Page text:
Hot yoga is a vigorous form of yoga performed in a studio that is heated to 105 F (40 C) and has a humidity of 40 percent. The formal name for hot yoga is "Bikram yoga."
Bikram yoga is a 90-minute program that consists of a series of 26 postures. The postures require lengthy, forceful and well-controlled contractions of all major muscle groups. The demanding nature of the poses and the heat are designed to raise your heart rate and tire your muscles.
Because of its intensity and potential to cause heat-related illness, hot yoga isn't for everyone. Be sure you check with your doctor before trying hot yoga if you have any health concerns.
If you have heart disease, problems with dehydration or heat intolerance, or have had heat-related illness (such as heatstroke) in the past, it is probably best to skip hot yoga. Pregnant women should also pass on this type of yoga.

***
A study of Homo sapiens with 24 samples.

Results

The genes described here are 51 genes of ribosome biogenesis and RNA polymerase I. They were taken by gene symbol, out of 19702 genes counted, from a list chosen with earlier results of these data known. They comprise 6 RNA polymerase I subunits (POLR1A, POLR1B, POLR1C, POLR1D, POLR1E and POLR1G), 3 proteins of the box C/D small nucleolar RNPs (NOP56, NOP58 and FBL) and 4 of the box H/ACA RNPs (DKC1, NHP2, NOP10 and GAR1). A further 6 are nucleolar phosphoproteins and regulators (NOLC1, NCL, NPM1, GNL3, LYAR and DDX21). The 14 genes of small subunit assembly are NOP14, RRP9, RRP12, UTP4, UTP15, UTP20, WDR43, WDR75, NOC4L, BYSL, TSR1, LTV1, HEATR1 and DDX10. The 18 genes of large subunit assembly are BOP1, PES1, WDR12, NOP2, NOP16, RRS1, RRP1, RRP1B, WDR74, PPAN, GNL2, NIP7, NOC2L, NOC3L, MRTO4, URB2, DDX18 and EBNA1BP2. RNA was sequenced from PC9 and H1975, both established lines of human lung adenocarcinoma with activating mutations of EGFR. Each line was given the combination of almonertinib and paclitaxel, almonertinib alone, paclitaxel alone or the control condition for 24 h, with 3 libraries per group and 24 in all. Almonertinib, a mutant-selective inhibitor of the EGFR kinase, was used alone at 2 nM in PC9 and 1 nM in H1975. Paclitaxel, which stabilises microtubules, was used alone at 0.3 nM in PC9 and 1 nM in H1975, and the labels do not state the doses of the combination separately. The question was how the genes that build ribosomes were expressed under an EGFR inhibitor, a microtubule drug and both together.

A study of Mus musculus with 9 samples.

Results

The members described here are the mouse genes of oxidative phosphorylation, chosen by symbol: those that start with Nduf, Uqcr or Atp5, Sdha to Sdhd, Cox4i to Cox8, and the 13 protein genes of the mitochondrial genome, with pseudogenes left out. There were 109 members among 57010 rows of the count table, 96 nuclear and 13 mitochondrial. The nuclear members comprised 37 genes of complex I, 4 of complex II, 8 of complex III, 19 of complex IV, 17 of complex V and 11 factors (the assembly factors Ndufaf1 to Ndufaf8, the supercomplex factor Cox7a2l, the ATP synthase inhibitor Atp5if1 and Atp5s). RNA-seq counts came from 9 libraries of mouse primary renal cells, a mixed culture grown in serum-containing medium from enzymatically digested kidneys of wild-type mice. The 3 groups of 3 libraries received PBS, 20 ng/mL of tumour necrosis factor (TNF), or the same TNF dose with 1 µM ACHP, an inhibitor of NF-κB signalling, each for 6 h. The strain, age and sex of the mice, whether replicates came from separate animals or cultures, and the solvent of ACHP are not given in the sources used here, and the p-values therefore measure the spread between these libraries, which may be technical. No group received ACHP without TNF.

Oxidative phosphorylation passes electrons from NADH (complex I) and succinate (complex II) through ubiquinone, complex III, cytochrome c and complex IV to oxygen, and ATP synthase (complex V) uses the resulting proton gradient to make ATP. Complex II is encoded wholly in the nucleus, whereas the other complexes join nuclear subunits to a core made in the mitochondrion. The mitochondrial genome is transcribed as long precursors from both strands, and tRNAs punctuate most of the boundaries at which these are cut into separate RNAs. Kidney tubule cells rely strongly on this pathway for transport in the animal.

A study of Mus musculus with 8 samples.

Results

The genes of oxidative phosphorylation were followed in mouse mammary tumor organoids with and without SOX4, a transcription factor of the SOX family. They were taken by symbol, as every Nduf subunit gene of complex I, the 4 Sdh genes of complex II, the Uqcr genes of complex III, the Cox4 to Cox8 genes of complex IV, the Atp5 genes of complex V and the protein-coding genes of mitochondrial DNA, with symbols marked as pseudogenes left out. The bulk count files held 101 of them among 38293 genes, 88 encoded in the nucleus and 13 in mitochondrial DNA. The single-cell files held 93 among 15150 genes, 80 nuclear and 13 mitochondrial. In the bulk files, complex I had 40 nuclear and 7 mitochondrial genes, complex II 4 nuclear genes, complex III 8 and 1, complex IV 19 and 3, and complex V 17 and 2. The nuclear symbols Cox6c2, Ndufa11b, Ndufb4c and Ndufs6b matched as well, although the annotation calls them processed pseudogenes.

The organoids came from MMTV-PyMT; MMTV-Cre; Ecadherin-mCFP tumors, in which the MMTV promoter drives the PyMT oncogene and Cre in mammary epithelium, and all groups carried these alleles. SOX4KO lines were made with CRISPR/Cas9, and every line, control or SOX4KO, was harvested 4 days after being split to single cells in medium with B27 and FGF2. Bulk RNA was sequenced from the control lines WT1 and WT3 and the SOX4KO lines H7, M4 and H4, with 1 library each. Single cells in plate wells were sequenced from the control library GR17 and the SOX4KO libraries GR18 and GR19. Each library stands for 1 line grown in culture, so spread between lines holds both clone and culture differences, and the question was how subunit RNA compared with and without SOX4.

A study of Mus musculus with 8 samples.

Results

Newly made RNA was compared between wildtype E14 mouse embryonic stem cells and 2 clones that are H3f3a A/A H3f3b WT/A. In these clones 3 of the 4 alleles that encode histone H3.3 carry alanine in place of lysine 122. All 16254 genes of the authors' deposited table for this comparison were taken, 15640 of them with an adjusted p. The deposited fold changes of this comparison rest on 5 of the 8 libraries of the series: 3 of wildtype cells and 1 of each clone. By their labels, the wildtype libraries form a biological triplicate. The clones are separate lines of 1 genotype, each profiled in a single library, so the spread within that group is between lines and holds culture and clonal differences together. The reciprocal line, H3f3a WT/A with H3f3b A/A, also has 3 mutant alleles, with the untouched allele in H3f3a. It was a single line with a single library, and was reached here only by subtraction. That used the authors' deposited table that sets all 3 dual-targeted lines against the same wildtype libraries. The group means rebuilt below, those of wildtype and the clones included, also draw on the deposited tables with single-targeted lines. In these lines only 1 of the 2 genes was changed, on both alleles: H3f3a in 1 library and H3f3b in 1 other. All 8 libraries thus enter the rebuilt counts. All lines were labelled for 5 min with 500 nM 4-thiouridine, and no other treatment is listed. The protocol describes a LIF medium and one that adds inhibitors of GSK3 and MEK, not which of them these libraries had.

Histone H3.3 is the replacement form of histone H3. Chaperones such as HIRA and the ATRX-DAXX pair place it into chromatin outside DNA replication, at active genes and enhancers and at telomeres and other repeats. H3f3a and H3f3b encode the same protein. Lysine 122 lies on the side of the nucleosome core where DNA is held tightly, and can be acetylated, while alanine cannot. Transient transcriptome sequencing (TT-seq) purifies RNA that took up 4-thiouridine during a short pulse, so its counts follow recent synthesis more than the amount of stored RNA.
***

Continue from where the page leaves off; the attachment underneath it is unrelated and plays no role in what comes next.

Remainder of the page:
If you have no health concerns and you want to try a hot yoga class, be sure to drink plenty of water, and stop if you feel dizzy, lightheaded or sick in any way.
July 30, 2015
- Tracy BL, et al. Bikram yoga training and physical fitness in healthy young adults. Journal of Strength and Conditioning Research. 2013;27:822.
- Kudesia RS, et al. Decreased nocturnal awakenings in young adults performing Bikram yoga: A low-constraint home sleep monitoring study. ISRN Neurology. 2012;2012:e1. http://www.ncbi.nlm.nih.gov/pmc/articles/PMC3345216/. Accessed July 7, 2015.
- Matsushita T, et al. A large-scale survey of adverse events experienced in yoga classes. Biopsychosocial Medicine. 2015;9:e1. http://www.ncbi.nlm.nih.gov/pmc/articles/PMC4384376/. Accessed July 7, 2015.
- Cramer H, et al. Adverse events associated with yoga: A systematic review of published case reports and case series. Plos One. 2013;8:e75515. http://www.ncbi.nlm.nih.gov/pmc/articles/PMC3797727/. Accessed July 7, 2015.